By Connie Diamond. Nov 1, 2016. 9:00 AM.

Topics: Children's Books

E.L. Konigsburg once said that children’s books are “the key to the accumulated wisdom, wit, truth, myth, history, philosophy, and recipes for salting potatoes during the past 6,000 years of civilization.” In those earliest days of civilization stories were told around small fires and were illustrated on cave walls. But I imagine, even then, they dispelled shadows and illuminated ideas—the best stories always do. Authors who write children’s books contribute to this canon, but also draw upon it. Let’s take a look at the favorite children’s books of these famous authors.

Lois Lowry

Pinkney_Lion_Mouse_Inventory.jpgLois Lowry, author of numerous books including The Giver, remembers her mother reading The Yearling by Marjorie Kinnan Rawlings to her as a child. She was struck not only by how she herself was moved by the story, but also by how it moved her mother in a similar way. She was not simply the recipient of the story, but was actually sharing the experience with an adult. Lowry's own books seem to transcend a reader's age in the same way.

Jerry Pinkney

Jerry Pinkney grew up on Aesop’s Fables and Hans Christian Andersen’s fairy tales. It is no surprise that he packaged some of these stories for a new generation when he became an author. In fact, he won the Caldecott Medal in 2010 for The Lion and the Mouse, which is described as "a wordless retelling of an Aesop fable".

R.J. Palacio (Raquel Jaramillo)

The author of Wonder cut her literary teeth on D’aulaire’s Book of Greek Myths. Mythology introduced her to a new world and spurred her imagination. In turn, she's done the same for countless readersgiving us an avenue to see things in new and important ways.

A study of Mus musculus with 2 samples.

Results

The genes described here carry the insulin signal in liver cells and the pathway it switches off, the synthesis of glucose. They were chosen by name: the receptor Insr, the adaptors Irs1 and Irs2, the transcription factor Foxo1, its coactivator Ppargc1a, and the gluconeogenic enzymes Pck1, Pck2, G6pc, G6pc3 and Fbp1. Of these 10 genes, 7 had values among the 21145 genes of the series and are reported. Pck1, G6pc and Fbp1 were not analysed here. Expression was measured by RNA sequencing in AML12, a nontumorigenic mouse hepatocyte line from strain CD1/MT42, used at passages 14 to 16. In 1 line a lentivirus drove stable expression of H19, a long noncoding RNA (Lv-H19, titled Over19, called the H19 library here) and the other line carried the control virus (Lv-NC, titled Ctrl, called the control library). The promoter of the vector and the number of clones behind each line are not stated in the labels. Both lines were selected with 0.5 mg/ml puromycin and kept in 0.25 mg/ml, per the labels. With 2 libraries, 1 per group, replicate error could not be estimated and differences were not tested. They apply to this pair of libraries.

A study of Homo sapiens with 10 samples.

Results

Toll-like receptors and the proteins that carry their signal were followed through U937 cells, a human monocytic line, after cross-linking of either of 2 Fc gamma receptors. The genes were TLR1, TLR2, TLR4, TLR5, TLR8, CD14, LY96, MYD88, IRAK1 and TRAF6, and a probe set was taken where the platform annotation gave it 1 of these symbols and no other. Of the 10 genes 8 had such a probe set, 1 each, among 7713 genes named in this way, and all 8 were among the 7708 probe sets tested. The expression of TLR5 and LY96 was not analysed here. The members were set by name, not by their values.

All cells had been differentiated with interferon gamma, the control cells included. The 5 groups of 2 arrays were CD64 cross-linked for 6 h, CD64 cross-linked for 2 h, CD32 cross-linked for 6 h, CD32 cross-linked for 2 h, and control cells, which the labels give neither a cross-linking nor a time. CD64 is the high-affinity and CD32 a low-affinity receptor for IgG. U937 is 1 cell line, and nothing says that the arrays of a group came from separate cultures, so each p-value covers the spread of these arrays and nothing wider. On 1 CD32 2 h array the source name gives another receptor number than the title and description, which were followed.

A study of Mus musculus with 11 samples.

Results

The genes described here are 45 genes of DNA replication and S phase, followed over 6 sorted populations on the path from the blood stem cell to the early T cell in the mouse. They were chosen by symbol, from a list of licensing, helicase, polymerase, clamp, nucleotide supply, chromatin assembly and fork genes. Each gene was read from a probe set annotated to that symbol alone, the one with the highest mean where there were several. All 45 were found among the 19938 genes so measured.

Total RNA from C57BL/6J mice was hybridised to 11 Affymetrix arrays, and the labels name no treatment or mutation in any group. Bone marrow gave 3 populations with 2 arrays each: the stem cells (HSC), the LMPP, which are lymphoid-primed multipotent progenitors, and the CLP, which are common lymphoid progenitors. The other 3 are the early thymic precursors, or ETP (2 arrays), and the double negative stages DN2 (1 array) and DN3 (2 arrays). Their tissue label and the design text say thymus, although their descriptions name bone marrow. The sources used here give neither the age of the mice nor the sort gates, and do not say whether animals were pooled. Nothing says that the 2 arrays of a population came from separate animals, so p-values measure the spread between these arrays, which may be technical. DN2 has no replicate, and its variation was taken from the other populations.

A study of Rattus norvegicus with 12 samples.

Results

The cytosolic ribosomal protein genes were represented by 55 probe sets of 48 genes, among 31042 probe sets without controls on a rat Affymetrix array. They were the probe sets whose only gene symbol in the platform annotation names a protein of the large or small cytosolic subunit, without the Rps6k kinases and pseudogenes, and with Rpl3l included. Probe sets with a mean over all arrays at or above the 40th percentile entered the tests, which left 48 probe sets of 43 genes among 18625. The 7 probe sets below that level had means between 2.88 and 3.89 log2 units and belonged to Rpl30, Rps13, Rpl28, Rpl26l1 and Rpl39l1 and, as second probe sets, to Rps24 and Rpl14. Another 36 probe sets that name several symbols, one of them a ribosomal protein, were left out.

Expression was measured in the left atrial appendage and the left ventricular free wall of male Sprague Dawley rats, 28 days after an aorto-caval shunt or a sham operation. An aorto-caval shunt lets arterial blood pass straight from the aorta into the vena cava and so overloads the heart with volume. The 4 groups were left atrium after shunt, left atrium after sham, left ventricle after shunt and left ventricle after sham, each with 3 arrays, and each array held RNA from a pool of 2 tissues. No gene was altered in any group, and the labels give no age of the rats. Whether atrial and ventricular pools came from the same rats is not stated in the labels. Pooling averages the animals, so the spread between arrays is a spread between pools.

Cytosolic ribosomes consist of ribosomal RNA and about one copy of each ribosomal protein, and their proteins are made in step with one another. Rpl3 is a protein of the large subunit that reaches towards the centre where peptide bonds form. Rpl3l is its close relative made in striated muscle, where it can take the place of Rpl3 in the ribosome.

Shaun Tan

George_orwell_PD.jpgShaun Tan, who released his well-known book The Arrival in 2006, found a copy of Animal Farm by George Orwell at his home when he was eight years old. Mistaking it for a children's book, his family read it aloud together. He didn’t understand the complexity of the allegory until a much later date, but he understood it in terms of the hierarchy of the playground. He understood that some were “more equal than others.”

Jeff Kinney

Jeff Kinney remembers connecting with the book Tales of a 4th Grade Nothing by Judy Blume. He, himself, would go on to connect with scores of young readers in his series Diary of a Wimpy Kid.

If you, like those early storytellers, are inspired to dispel shadows and illuminate ideas, read what these great authors wrote, read what they read, and then read them to someone else. It is in this way that the torch lit from that prehistoric fire is handed down to a new generation.  

I was a passionate student of literature, and later became a passionate teacher of it. When I left the classroom, I took my love of the subject with me. I have a library in my home in lieu of a dining room, and my favorite social activity is meeting with my book club to discuss impressions and ideas from our latest book choice. I never tire of the beauty of great writing, and am often guilty of reading it aloud to innocent bystanders.